The clock finally struck 12 in Tucson. A sexual assault case files against former head coach, Rich Rodriguez, led to the program and the longtime head coach parting ways. Early Sunday morning they hired Kevin Sumlin. That closed the door on five coaching changes this offseason. The biggest question is: Did any team actually upgrade after making the changes? Of course, you won’t really know until year three or four, but let’s examine who won and lost their hires on paper.
The aforementioned storyline led to Kevin Sumlin coming to Arizona after being fired from Texas A&M. He’s an offensive savant. His stops at Houston and A&M all included elite offenses and multiple quarterbacks drafted. While at Houston he posted a record of 35-17 in four seasons with his 12-1 record his final season being his best. Year one at Texas A&M was filled with fireworks as he tutored Johnny Manziel leading them to a 11-2 record and a combined 51-26 win-loss record in six seasons. This is a home run hire considering the consistency and late timing for Rich Rod’s departments. An underrated piece is his familiarity with the Arizona recruiting grounds. Plucking a few players from the state is his short time at A&M, one being Gatorade Player of the Year in the state, Christian Kirk. He’ll already have his QB in place to run his system in Khalil Tate. Maintaining their previous defensive coordinator, Marcel Yates, is HUGE. He’s familiar with Yates as he was a co-DC at A&M and defense has been Sumlin’s Achilles’ heel.
Todd Graham’s firing was a bit of a shock to most. He led the Sun Devils to back-to-back wins, including one over arch rival Arizona to become bowl eligible. If the firing of Graham wasn’t enough, they shocked the world by hiring Herm Edwards, who hasn’t coached since 2008 and has no college experience. Edwards was to assume a CEO-type of role with talented defensive and offensive coordinator Phil Bennett and Bill Napier being retained. That changed quickly as Bennett took a defensive coordinator role at Texas A&M and Napier was hired as the head coach at Louisiana Lafayette. This is looking more and more like an experiment gone bad.
The Willie Taggart era was off to a solid start. So solid that Florida State thought he’d be a great replacement for Jimbo Fisher. Many thought the program would go big game hunting again, but they elected to hire from within by promoting co-offensive coordinator Mario Cristobal. Their primary thinking was the stability within the coaching staff would help maintain the recruiting class and rebuild process that is already underway. Cristobal comes after stops at FIU as a head coach where he posted a 27-47 record in six seasons. After being let go, he was hired by Nick Saban as assistant head coach, offensive line coach, and recruiting coordinator. Each year they posted elite recruiting ranks and top offensive line groups. I’m not sold. An offensive line group full of 5-⭐ prospects and the established brand that was already established by three national championships, it strikes me as a job that could’ve been done by many coordinators. There’s been a precipitous dip in the caliber of recruits since Taggart’s departure and this was supposed to be one of Cristobal’s selling points for the hire.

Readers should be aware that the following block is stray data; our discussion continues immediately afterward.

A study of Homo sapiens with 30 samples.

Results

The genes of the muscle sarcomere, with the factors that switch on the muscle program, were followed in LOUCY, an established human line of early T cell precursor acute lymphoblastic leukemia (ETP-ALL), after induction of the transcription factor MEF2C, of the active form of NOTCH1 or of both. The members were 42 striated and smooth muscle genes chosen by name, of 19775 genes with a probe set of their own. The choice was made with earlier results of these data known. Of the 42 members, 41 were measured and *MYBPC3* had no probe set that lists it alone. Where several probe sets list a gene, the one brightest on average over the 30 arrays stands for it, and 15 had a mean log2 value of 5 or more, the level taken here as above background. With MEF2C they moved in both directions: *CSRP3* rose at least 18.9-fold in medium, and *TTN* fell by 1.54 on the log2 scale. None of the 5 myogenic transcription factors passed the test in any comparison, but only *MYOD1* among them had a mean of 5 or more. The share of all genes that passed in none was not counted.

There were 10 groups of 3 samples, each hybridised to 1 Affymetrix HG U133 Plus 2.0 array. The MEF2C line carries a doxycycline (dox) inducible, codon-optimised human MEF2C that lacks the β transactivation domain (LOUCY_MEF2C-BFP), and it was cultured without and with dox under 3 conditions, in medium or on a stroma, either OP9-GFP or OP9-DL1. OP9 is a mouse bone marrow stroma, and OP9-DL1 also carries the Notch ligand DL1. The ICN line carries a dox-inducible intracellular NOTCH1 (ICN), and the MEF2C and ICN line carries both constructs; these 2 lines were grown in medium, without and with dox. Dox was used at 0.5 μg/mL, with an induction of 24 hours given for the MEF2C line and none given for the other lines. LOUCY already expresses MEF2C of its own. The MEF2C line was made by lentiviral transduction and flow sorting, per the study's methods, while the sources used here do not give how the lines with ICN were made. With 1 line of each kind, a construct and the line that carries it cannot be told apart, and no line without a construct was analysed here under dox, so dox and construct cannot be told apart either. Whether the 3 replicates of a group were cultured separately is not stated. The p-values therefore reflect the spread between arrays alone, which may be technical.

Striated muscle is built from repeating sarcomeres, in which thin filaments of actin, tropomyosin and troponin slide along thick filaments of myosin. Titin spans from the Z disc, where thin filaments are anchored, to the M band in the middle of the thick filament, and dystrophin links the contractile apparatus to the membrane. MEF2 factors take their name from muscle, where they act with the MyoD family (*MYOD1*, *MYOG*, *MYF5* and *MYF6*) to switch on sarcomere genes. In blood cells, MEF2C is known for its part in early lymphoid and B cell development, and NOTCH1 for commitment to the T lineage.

The Beavers hired Jonathan Smith, the previous offensive coordinator for the electric University of Washington Huskies. He’s an OSU Alum and MVP of the 2000 Fiesta Bowl, which was the best season in program history. This will be his first head coaching opportunity, but this seems like a perfect fit. The program was in dire need of a shakeup and new energy after an abysmal 2017 season that led to previous head coach Gary Andersen walking away mid-season and the largest loss in Civil War history. Smith, a former walk-on should bring some much-needed toughness and hard nose mentality, similar to his Washington run game, to the Oregon State program.
What a forgetful season for the Bruins. After so much hype coming off of potential #1 pick Josh Rosen’s legendary comeback game against Texas A&M, it was all downhill. Another mediocre season forced UCLA to part ways with Jim Mora. In comes the previous proverbial owner of the Pac-12 and Oregon Ducks head coach, Chip Kelly. The only thing that could’ve made this more perfect was if the Ducks hired him. Having familiarity with the conference, recruiting grounds, and being in a hot bed like California has all the making for a quick turnaround.